Needs of older inmates treated

FISHKILL, N.Y. -- In the day room, white-haired men in robes watch "The Price is Right." Out on the balcony, another looks through bars as he fidgets from side to side.

Prisons have been dealing with the special needs of older prisoners for years, but the one here in Fishkill state prison is considered unique because it specializes in dementia-related conditions.

The unit -- 30 beds on the third floor of the prison's medical center -- is a first for New York and possibly the nation, though specialists say it likely won't be the last as more people grow old behind bars.

The unit has the clean-white-wall feel of a nursing home -- but for the prison bars. As long as they behave, patients can wander from their rooms to the day room.

William Connolly, Fishkill superintendent, said the men's crimes are not considered in the screening process, though their prison record matters. The idea is to provide proper care and a safe environment.

"A lot of guys, when they were confined to the general population, they stayed in their rooms, they wouldn't come out," said Angela Maume, nursing director.

The average age of patients here is 62, or 26 years above the systemwide average. All have been diagnosed with some level of dementia, which in the case of some patients is related to Alzheimer's or AIDS.

"Some of them don't even remember their crimes," said Dr. Edward Sottile, medical director for the Hudson Valley prison.

The average age of New York's prisoners is climbing. Inmates 50 and over accounted for 3 percent of the prison population two decades ago, compared to 11 percent last year.

Like society as a whole, inmates are getting older as healthcare improves and baby boomers hit retirement age. But researchers also note that inmates are staying behind bars longer thanks to "three strikes" and other tough-on-crime laws.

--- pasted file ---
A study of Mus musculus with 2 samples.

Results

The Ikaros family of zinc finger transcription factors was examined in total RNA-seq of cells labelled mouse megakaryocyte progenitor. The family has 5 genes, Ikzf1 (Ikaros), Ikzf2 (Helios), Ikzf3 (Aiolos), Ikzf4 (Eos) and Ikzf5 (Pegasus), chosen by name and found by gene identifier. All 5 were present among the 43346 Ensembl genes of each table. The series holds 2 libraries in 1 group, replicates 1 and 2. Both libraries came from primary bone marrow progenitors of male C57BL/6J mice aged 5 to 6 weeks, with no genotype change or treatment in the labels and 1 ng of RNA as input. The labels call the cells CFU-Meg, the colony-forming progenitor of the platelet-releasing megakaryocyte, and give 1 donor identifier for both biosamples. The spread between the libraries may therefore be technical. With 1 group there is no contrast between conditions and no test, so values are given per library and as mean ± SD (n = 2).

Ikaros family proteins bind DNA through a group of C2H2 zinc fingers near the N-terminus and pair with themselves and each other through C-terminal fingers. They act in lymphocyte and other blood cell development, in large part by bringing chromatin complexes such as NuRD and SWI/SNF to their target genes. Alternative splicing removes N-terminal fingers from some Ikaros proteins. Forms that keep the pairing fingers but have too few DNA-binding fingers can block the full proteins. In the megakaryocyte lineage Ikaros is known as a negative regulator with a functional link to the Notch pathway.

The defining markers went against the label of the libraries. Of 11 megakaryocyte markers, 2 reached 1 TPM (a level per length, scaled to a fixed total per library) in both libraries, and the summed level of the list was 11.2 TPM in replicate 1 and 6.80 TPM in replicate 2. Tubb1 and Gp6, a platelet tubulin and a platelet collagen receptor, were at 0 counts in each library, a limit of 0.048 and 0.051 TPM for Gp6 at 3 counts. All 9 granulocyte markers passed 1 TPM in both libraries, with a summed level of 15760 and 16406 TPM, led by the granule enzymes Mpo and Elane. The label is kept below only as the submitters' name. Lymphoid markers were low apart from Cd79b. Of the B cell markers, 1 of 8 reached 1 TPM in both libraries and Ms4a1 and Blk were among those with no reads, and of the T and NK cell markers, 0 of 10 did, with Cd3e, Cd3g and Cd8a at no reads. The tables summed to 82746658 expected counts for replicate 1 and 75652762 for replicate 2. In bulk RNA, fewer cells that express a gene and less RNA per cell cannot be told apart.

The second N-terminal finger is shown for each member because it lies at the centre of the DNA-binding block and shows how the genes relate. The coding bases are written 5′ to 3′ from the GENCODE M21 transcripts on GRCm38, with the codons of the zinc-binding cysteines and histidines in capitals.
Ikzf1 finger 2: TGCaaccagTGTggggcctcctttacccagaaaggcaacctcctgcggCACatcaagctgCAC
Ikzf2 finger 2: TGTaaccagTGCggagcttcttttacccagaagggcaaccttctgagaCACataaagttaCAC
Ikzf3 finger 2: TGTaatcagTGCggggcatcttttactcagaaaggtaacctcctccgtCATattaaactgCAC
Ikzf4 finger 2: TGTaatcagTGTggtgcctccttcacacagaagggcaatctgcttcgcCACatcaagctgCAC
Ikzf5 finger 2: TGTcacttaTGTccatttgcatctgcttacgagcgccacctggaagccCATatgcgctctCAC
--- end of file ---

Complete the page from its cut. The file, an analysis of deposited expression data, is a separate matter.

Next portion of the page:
Nationwide, the number of prisoners over age 50 in state and federal prisons is rising at about 8 percent a year, said sociologist Ronald Aday, author of "Aging Prisoners: Crisis in American Corrections."

Fishkill, a 1,700-inmate, medium-security prison some 70 miles north of New York City, serves as a regional medical hub for the system. Inmates can get everything from throat cultures to long-term nursing care.

The dementia unit opened in October and is still getting up to speed. Twenty inmates from other prisons around the state are now patients.

Neither the American Correctional Association nor several specialists in prison geriatrics were aware of any other prison units for inmates with dementia.

Dr. Robert Greifinger, prison healthcare consultant, said the idea makes sense because staff can be trained to deal with the special cases. All workers on the Fishkill unit -- nurses, corrections officers, housekeepers -- take a 40-hour training course to learn how to work with the cognitively impaired.

The job can be tricky for corrections officers, who usually must fill out a report every time they touch an inmate. Here, contact comes with the territory. Officers are trained to know that, on this ward, an outburst by an inmate could be a symptom of a troubled mind instead of a hostile act.

"A lot of times it would be construed as bad behavior," Sottile said, "but they have no idea what they're doing."